Medtronic is one of the rare companies that has grown earnings in each of the past 10 years (it has grown sales in 9 of the past 10 years – was down 0.1% in 2012). That impressive track record has not resulted in much appreciation in the stock, which is almost flat over that entire period.
We touched on MDT’s rare situation in a CotD post in November. The entire post is worth a read, laying out how MDT has grown into its valuation over the last decade, but the stock’s valuation from 10-15 years ago was too elevated for investors to garner gains from the company’s growth.
In any case, this was my conclusion:
For now, resistance in the 57-62 area looks stout, and my bet would be that the stock at least stalls here for some time, if it doesn’t move lower. Yet, at 15x with 5-10% expected earnings growth, MDT could easily see more multiple expansion over the next year based on relative valuations of other large-cap, slow growth peers.
The stock was trading around $58 when I wrote the post 3 months ago, and it is trading around $58 once again today. The stock did make a brief run up above $60 in early January (the all-time high of $62 from 2000 is still in tact), but that move haws quickly rejected:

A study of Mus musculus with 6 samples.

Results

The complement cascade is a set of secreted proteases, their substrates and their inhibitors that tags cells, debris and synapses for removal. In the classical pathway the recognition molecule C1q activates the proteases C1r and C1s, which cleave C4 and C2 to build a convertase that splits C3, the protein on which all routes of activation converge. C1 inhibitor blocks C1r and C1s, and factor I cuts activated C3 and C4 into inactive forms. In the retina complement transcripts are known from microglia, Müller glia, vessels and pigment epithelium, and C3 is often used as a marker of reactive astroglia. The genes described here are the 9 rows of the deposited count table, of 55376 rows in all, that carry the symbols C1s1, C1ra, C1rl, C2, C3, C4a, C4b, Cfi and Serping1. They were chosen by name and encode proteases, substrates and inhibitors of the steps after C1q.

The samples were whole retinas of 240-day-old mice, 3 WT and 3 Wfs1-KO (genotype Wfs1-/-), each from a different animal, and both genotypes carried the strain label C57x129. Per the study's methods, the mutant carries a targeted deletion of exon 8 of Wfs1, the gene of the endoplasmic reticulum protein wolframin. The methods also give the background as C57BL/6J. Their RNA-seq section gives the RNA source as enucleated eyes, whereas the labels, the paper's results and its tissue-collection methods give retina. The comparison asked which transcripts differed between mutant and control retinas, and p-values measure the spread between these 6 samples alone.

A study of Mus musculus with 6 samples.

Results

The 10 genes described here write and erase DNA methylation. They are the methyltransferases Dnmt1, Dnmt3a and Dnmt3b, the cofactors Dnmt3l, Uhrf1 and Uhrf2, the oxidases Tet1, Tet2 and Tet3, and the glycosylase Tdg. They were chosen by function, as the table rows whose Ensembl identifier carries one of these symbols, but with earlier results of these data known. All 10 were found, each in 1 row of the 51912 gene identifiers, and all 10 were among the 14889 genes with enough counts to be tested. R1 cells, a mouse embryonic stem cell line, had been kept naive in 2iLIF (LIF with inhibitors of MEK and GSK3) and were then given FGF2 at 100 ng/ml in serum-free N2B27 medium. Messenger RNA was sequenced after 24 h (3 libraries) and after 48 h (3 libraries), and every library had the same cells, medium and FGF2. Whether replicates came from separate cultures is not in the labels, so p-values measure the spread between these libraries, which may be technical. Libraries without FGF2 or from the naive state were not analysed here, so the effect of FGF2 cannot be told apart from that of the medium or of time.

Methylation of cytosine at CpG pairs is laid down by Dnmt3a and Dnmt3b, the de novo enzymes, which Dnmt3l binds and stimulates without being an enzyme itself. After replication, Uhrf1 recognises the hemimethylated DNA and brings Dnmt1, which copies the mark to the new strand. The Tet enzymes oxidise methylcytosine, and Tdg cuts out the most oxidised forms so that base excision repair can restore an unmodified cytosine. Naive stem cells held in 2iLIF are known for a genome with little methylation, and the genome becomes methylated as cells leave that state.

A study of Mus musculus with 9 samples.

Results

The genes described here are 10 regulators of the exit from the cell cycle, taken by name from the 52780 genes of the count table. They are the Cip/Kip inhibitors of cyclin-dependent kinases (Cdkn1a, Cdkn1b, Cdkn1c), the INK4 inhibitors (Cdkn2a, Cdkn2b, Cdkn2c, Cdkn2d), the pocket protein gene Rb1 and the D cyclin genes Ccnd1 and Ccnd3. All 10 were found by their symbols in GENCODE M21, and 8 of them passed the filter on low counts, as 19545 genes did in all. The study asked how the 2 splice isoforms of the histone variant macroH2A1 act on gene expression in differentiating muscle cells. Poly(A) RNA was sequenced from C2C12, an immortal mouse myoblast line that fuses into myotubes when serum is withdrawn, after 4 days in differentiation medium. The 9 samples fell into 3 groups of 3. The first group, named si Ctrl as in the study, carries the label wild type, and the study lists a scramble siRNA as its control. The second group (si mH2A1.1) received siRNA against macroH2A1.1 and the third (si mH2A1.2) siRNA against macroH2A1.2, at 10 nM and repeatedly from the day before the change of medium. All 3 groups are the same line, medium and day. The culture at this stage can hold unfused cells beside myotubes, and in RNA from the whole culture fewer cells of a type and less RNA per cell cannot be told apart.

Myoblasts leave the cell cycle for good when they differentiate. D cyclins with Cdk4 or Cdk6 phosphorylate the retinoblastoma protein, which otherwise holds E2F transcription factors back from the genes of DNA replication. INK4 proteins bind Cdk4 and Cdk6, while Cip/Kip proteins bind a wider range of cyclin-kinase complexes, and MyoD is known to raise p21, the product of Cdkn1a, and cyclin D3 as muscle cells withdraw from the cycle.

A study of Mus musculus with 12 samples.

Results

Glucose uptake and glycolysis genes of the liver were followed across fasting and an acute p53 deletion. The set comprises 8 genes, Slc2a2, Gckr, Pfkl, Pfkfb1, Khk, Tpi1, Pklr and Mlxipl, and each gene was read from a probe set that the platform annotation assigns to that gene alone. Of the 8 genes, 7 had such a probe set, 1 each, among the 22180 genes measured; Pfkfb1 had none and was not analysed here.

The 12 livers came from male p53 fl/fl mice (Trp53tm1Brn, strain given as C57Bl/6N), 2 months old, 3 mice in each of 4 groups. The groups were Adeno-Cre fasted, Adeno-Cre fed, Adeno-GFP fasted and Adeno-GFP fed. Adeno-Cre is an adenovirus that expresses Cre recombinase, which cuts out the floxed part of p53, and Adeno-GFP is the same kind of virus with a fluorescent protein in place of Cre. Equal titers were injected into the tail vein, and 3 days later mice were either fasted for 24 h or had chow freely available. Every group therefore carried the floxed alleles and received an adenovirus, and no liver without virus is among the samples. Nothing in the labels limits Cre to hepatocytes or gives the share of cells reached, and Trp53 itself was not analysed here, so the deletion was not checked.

I’ve drawn the red line at the all-time high of $62 from 2000. The green line of support is around $54. MDT breached its 150 day ma for the first time in more than a year on the most recent selloff, but quickly recovered.
MDT reported earnings last week, and matched analyst estimates on the adjusted EPS. The company narrowed its earnings forecast for fiscal 2014 to $3.81 to $3.83 per share, from a prior forecast of $3.80 to $3.85. Only the fiscal 4th quarter report remains, but that tight guidance is a good illustration of a relatively consistent business model. Management rarely expects a surprise that could affect earnings by more than a penny or two per share.
As a result, the main movement in MDT’s stock is due to changes in the market’s perceived valuation of those consistent earnings – in other words, the P/E multiple. For now, the multiple looks relatively fair, which is why we expect continued rangebound price action between $54 and $62.
Implied volatility is also relatively low, which makes premium selling unattractive, despite the aforementioned range:
Put it all together, and I don’t see a trade to do here. But I wanted to lay out my thoughts in case MDT makes a run back down to the 54-55 area, where I think a long-biased trade might make sense with the right options structure.